Brett Favre was knocked out cold once in his 20-year career and it came on his very last snap. But the Hall of Fame quarterback knows that he suffered more than one concussion during his two decades in the NFL.
In fact, he recently told the Chicago Sun-Times that "probably 90 percent" of the tackles he endured left him concussed. And more than that, Favre, who says his health hasn't declined since he retired in 2010 is "absolutely 100 percent" concerned about his future well-being.
And while the NFL has taken measures to reduce head injuries, Favre remains an outspoken advocate for more research on the issue.
"The athlete is getting bigger . . . faster . . . stronger, I don't think that's going to change," Favre told the Sun-Times. "So the fact that we tackle and the hits are becoming more violent, I don't see how the concussions will go down. At some point, we have to look at treatment. Prevention can only go so far."
Favre, Kurt Warner, Mike Ditka and nine other current and former athletes are investors in a drug called Prevacus.
The drug is administered as a nasal spray and is recommended after diagnosis of a brain injury. Prevacus is said to reduce swelling, inflammation, oxidative stress and cell death in the brain, according to its creator, Dr. Jake VanLandingham. The drug has not been approved by the FDA.
In January, Favre told CBSSports.com's Pick-Six Podcast that he would prefer his grandsons played golf instead of football.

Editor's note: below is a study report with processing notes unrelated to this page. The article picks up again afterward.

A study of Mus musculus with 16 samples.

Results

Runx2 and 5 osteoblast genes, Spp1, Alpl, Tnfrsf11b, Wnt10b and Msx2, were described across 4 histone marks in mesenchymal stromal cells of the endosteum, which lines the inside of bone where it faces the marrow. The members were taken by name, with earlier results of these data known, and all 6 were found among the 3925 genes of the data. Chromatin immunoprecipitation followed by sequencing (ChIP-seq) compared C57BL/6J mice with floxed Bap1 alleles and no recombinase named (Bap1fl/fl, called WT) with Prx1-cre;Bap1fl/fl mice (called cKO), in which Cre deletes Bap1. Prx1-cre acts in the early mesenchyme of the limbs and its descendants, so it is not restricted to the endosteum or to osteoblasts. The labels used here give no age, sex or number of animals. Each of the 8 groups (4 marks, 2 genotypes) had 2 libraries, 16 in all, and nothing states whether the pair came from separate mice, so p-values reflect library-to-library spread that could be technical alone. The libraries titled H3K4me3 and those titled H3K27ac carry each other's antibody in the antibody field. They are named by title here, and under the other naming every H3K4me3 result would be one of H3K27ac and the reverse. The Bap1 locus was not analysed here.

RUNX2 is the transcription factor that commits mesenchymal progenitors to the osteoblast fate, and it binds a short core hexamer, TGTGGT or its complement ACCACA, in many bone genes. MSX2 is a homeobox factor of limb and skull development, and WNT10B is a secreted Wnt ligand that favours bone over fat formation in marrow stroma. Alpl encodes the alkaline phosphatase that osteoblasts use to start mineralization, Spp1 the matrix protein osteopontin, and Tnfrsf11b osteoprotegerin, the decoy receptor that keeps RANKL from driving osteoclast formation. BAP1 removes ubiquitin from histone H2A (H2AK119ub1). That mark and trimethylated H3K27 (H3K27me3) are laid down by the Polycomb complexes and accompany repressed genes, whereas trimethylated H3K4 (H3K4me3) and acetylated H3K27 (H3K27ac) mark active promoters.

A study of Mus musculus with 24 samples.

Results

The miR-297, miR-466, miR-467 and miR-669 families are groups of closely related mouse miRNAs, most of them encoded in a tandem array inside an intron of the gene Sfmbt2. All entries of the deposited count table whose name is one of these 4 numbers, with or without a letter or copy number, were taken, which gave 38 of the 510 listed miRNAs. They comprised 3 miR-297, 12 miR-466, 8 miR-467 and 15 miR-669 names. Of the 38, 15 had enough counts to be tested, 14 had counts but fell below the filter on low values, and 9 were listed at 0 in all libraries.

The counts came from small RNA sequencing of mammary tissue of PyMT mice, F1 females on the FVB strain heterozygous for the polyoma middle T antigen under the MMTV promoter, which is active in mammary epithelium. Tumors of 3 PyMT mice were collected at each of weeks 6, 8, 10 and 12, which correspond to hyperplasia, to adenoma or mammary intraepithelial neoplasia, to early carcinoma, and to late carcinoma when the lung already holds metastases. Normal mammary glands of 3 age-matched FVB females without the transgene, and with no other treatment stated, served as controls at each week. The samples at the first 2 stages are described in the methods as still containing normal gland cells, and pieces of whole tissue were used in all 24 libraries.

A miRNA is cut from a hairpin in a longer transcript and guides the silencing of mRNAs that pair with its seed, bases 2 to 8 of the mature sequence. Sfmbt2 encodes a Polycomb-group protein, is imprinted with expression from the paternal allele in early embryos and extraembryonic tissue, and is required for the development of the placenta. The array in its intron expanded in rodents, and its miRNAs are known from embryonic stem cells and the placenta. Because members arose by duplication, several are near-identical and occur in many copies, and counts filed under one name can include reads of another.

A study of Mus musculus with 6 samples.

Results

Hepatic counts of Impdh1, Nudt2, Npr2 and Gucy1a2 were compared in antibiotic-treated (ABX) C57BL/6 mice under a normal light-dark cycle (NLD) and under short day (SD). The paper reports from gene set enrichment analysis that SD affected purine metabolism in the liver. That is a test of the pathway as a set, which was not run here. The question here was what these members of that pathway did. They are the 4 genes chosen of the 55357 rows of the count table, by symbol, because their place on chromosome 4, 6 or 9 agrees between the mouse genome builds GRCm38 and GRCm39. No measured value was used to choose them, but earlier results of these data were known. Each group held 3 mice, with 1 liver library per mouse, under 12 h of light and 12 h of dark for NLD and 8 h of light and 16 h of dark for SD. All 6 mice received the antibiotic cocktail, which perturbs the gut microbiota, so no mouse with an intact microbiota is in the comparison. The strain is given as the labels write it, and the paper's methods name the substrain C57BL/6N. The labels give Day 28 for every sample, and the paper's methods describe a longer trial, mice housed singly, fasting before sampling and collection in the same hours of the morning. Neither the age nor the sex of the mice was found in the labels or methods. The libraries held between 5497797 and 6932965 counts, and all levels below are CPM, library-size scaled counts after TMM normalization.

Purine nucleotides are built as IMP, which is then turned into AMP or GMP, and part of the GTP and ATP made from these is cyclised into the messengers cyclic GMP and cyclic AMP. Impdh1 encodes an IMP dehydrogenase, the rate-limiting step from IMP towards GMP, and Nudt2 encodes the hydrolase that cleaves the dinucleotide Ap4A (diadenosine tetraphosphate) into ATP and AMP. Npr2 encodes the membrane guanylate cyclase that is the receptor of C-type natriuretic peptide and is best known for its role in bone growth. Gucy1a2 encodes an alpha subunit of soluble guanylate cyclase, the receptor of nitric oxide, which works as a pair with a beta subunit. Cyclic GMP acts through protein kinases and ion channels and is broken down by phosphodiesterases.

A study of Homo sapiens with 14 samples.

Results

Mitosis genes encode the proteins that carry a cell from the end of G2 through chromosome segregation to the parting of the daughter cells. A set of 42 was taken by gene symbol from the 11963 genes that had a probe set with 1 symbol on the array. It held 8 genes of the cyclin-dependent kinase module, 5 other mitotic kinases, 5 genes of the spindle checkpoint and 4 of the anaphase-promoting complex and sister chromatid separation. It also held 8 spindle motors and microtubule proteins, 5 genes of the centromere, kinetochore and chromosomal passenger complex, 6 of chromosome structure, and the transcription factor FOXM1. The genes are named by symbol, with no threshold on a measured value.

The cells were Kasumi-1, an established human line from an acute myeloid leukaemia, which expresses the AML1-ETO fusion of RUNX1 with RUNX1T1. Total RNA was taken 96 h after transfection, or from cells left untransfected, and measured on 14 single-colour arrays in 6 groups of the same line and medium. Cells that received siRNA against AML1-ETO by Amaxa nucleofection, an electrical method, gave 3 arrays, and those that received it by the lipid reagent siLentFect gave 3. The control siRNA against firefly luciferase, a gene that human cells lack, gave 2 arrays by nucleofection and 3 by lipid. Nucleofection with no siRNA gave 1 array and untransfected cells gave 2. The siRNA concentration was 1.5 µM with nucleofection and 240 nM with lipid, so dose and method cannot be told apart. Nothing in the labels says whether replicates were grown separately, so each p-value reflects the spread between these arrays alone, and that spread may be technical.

"I have three grandsons -- and people may wonder why a retired player would be so adamant about concussions and making the environment safer -- I don't know if they'll play football. They're eight [years], three [years] and several months old," Favre said. "What little bit I know now -- and it's more than when I played -- concussions [are] not good. And definitely not for a youth. And so, there is something out there that can make the environment safer, aside from helmets, and that is the surface. I think you have to look at the surface as an equal if not more important than the equipment you wear. ...
"I'm not going to encourage them to play. I'm not going to discourage [them]," Favre said. "But I say this to everyone who will listen: if my grandsons were to say, and they call me Paw-Paw, if they were to say 'Paw-Paw, will you be my caddy in golf, I think I'm going to do golf instead of football,' I would be much more happy, satisfied and excited by that then by them playing football.
"Every tackle I would be cringing, hoping they get up and not shaking their head and saying they got a headache. But the likelihood of that happening by them playing football is very high. So I'd much rather them choose a safer route."